Communications agency RDW Group has nabbed the state advertising contract from PriMedia Inc., which held a controversial master-purchase agreement with the state that expired Dec. 31.
By Kimberley Donoghue PBN Web Editor Twitter: @kdonog
(Updated, Jan. 9)
PROVIDENCE – Communications agency RDW Group has nabbed the state advertising contract from PriMedia Inc., which held a controversial master-price agreement with the state that expired Dec. 31.
PriMedia had benefited from a last-minute insertion into the fiscal 2012 state budget as an amendment that effectively steered all of the state’s TV and radio advertising business to the Warwick-based company.
R.I. Department of Administration Director Richard Licht explained that the media buying contract with PriMedia expired at the end of 2011.
The new agreement is “carefully worded” so that the state is “not bound” to one agency and could also purchase directly from media outlets, if needed.
“A lot of thought went into [this RFP],” he said. “This took a lot of time, thought and effort. I’m proud of the team that I assembled and that I went to our customers [the state departments].”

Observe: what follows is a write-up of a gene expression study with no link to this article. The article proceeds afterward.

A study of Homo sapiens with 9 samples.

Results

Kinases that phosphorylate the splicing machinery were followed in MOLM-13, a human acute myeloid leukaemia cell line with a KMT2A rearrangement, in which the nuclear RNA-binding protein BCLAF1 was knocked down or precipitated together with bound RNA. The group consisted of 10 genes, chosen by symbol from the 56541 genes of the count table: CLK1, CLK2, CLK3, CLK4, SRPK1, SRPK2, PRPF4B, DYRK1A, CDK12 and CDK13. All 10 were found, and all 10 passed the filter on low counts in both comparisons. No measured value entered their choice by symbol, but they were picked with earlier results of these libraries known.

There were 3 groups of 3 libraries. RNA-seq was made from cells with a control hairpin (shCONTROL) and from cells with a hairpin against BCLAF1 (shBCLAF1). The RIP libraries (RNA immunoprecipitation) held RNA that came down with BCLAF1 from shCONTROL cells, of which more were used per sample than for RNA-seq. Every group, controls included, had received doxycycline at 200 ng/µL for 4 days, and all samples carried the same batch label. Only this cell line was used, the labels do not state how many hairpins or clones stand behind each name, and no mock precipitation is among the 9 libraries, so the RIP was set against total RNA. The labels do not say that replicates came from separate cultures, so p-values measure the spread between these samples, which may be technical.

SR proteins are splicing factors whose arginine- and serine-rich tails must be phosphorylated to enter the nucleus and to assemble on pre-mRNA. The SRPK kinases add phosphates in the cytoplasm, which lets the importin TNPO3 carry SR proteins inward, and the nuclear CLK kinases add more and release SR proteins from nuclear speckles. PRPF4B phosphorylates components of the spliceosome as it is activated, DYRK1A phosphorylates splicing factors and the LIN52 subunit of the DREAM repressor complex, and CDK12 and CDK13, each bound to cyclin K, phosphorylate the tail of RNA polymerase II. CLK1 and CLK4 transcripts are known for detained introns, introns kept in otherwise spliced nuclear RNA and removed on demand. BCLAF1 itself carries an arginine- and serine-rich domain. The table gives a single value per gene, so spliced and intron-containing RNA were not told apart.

The state uses private firms specializing in media buying to get better deals on advertising space on television, online, social media and print media, on behalf of all of its departments and quasi-public agencies, such as the Narragansett Bay Commission.
The departments that spend the most on advertising are: the lottery, the department of health and the department of transportation.
PriMedia, through its contract that ran from Jan. 1, 2009, through Dec. 31, 2011, earned a 15 percent commission. RDW, which also landed a three-year contract, will take a 5 percent cut, effectively saving the state money.
The RFP also included a summary of the state media spending during the three-year term of PriMedia’s contract, which totaled $7.78 million. The Lottery Commission spent $3.56 million, and expenditures related to the Providence Journal from October 2009 to October 2011 were $787,986.
RDW Group’s contract became effective Jan. 1. The state’s criteria for selecting the company was by a 100-point, two-phase system; phase one consisted of organization and staffing, 10 points; experience and capacity, 25 points; work plan/approach, 25 points, and the second phase was cost at 40 points. RDW “scored the best,” Licht said.
PriMedia did not respond to the RFP for the new contract, believing it was “flawed,” a PriMedia spokesman said.